Scattered over hill and dale, from “Aberdeenshire to Dumfries and Galloway,” 10 new wind power plants totaling nearly 800 megawatts (MW) in generating capacity—that’s what Burcote Wind wants to make happen in Scotland. And the renewable energy-loving Scottish government is all for it.
Burcote has four projects in development, and expects to submit planning applications on them by fall 2013. The other six projects are “at early stages of environmental and technical appraisal and not yet in the public domain,” the company said.
So this is a fairly speculative announcement—but unless there’s a big shift in the Scottish government, it’s hard to imagine most if not all of it eventually unfolding. Remember, this is the government that’s intent on producing enough renewable energy by 2020 to match the nation’s demand. The government says some 17 gigawatts of generating capacity is in the pipeline, scheduled to deliver an estimated £46 billion ($72 billion) in investment.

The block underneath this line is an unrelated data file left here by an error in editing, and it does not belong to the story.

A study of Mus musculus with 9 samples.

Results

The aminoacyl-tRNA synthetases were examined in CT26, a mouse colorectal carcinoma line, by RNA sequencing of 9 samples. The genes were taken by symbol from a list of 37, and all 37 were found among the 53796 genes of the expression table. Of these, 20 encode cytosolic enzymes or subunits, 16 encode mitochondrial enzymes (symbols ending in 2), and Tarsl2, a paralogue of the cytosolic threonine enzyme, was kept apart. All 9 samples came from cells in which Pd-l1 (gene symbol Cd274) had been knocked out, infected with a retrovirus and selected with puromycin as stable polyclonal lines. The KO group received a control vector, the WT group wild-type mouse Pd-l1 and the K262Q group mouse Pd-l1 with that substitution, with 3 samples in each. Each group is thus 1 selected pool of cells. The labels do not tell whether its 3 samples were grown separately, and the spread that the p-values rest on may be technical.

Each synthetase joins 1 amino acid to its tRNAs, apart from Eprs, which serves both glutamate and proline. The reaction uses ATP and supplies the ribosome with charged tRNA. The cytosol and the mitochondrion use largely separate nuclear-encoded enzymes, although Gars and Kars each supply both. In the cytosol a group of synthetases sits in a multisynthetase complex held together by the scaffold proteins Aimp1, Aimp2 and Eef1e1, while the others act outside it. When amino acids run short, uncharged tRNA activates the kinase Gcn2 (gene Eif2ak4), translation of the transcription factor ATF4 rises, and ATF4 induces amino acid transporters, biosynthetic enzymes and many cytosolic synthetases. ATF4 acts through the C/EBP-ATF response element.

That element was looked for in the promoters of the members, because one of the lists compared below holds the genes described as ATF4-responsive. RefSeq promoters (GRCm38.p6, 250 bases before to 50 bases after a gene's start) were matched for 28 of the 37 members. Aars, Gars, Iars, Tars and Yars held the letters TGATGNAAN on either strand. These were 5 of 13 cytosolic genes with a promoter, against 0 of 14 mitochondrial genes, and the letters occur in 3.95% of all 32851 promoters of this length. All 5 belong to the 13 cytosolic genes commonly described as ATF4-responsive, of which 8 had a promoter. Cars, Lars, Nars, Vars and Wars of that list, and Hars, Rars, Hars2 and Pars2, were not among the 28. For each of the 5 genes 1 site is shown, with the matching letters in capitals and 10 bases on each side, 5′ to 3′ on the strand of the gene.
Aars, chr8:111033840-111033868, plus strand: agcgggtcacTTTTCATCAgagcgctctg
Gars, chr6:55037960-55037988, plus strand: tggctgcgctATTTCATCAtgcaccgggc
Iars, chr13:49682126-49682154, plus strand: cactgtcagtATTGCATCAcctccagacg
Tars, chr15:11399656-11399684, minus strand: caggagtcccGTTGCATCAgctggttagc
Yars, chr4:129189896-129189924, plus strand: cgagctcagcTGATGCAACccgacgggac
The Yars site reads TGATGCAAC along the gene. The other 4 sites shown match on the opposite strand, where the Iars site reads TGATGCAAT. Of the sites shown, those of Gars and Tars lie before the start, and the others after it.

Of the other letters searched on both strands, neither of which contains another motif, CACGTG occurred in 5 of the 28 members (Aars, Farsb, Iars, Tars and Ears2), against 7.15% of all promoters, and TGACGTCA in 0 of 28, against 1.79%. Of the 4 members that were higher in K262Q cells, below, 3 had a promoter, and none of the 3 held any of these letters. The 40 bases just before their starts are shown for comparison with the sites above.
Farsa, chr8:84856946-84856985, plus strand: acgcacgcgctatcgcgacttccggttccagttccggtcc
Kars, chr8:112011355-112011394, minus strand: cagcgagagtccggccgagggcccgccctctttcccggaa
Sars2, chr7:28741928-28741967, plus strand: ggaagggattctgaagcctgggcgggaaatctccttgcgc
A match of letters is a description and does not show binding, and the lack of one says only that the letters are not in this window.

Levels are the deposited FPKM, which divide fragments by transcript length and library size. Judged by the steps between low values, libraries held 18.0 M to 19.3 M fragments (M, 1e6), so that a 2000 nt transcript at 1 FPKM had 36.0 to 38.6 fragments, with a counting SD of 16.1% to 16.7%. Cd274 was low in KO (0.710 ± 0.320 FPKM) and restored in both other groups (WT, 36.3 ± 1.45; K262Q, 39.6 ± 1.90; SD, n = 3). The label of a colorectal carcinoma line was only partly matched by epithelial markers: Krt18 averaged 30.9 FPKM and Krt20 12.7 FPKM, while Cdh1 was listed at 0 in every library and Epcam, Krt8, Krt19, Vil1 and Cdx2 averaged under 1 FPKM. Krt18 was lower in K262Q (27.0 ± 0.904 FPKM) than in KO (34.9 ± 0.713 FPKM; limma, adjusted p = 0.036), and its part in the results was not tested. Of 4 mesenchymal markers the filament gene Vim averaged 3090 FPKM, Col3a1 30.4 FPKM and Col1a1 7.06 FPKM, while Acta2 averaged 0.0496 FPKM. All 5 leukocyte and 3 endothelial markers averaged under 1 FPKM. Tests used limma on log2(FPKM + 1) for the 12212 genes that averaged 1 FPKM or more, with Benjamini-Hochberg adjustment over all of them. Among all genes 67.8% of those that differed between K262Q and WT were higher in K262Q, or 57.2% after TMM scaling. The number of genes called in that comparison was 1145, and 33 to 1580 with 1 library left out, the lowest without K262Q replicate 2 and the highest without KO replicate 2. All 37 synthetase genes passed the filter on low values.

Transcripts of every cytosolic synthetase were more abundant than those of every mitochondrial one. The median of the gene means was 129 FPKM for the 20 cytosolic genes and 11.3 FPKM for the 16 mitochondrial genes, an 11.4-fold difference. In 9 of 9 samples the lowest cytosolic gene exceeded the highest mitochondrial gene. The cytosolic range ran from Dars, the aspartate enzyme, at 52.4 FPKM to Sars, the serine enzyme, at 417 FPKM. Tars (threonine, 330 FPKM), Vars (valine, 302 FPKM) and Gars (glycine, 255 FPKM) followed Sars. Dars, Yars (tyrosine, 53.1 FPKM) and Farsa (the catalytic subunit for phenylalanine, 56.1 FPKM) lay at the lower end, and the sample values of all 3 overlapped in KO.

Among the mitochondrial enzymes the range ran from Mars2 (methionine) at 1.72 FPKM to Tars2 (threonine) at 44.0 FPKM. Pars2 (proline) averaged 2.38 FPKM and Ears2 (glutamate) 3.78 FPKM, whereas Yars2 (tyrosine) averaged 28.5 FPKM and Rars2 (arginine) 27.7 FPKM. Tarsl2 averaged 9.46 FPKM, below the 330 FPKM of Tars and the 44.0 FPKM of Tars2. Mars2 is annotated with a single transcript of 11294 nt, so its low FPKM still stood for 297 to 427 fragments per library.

Burcote said it’s 10 wind plants would require investing about £1.08 billion ($1.7 billion).
Wind isn’t without its critics in the U.K., which might be one reason Burcote and the government put a keen focus on the jobs—600 of them, the company said—these projects could produce.
“We’re adamant that we want our projects to contribute to Scotland’s ambitions to reinvigorate its industrial base,” Graham Brown, Burcote chairman, said in a statement. “So as well as creating skilled jobs, we are exploring opportunities to use community benefit funding to create training opportunities for young people at local colleges and help equip our workforce with the skills needed for Scotland to take full advantage of the huge economic potential the renewables industry has to offer.
And Scottish First Minister Alex Salmond said: “While each project will be subject to the appropriate planning processes, this proposed investment underlines yet again how our natural resources are creating new, green jobs and putting Scotland at the forefront of the renewables revolution.”
With 10 proposed plants adding up to nearly 800 MW (787.5, to be precise), these would appear to be moderately sized projects. Nothing like the Whitelee Wind Farm outside Glasgow, that’s for sure; it’s undergoing a 217-MW expansion that later this year will give it 539 MW of capacity.